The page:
Updated: Jan 12, 2021

Unemployment benefits are taxable income, and not everyone knows that, which could lead to some unpleasant surprises this tax season.

Unemployment benefits are taxable income, and not everyone knows that, which could lead to some unpleasant surprises this tax season. Axios has a piece addressing the fact that millions of people got unemployment benefits, and many don’t realize they owe taxes on it. The report calls it a “quirk” that income is taxed as income.


““In the case of a taxpayer determined by the Secretary to be affected by a federally declared disaster … the Secretary may specify a period of up to 1 year that may be disregarded in determining … the amount of any interest, penalty, additional amount, or addition to the tax for periods after such date".

It’s not a “quirk,” as my AEI colleague Kyle Pomerleau explains: “It is an application of the simple principle that the income tax system should tax all forms of income neutrally.”


Liberals have argued that all the benefits should be retroactively made tax-free, in part, because people budget in anticipation of large tax refunds. The interaction of unemployment benefits and the Earned Income Tax Credit is extra complicated, as the American Prospect and Pomerleau both point out.


There are big debates about what Congress should do here, on EITC specifically or taxability of unemployment benefits in 2020 more broadly, but there’s a narrower problem here, and Congress isn’t needed to solve it.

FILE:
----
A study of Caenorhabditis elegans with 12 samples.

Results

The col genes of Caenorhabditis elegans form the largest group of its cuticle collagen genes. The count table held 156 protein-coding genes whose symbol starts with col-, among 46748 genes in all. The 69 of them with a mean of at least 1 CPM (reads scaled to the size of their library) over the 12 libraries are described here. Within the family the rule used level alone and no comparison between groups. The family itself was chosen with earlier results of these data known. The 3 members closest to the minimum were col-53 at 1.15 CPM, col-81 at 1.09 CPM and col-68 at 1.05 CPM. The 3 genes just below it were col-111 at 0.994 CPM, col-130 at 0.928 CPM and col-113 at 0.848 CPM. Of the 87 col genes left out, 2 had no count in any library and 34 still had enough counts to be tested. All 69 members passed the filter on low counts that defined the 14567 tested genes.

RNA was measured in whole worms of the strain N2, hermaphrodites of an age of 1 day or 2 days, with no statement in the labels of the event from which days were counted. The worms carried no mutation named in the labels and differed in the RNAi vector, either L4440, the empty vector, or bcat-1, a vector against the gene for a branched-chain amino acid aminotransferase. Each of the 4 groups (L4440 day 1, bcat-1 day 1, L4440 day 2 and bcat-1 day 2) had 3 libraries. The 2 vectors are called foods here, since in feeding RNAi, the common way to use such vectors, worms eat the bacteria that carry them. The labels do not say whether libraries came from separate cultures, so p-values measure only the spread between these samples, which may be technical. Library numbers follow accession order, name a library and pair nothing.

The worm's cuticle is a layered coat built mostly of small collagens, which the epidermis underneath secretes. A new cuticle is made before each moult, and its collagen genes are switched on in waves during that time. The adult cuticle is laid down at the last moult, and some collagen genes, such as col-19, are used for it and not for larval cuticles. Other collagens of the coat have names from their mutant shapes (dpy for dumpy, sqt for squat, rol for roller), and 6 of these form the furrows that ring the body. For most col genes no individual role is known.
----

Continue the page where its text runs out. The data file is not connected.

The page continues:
Anyone who failed to pay taxes on their unemployment during the pandemic should be exempt from all penalties and interest.


The $1,200 “stimulus” checks were tax-free, but the extra unemployment benefits weren’t. There is a logic to that, perhaps, but it’s not obvious to the average recipient, who couldn’t be blamed if he or she thought it was as simple as COVID aid is untaxed.


The underlying problem is this: The average person isn’t in the habit of setting aside a portion of her income in order to pay taxes at the end of the year. The average person certainly isn’t used to paying estimated taxes quarterly. If you’ve been living off salary and wages your whole life, then your boss has been paying your taxes for you by taking some out of each paycheck through withholding, and all you do is file and see if you get a big chunk of it back.


Yes, many people had withholding taken from their unemployment benefits, but it’s not automatic as with ordinary income, and it’s typically withheld at 10%, which is well below the marginal rate for a decent minority of taxpayers. The result is that lots of people who should have been paying quarterly taxes on their unemployment income weren’t.


Maybe this is a tiny number of people, but maybe it’s tens of thousands of people. Given the extraordinary nature of 2020, and the complexity of the year, Treasury Secretary Steve Mnuchin should consider using his emergency powers to waive all penalties and interest on taxes paid on unemployment income in 2020. If Janet Yellen is confirmed as Mnuchin's successor, she could take action if Mnuchin does not.


Mnuchin and his successor have such authority, it seems. Here’s the federal law: “In the case of a taxpayer determined by the Secretary to be affected by a federally declared disaster … the Secretary may specify a period of up to 1 year that may be disregarded in determining … the amount of any interest, penalty, additional amount, or addition to the tax for periods after such date.”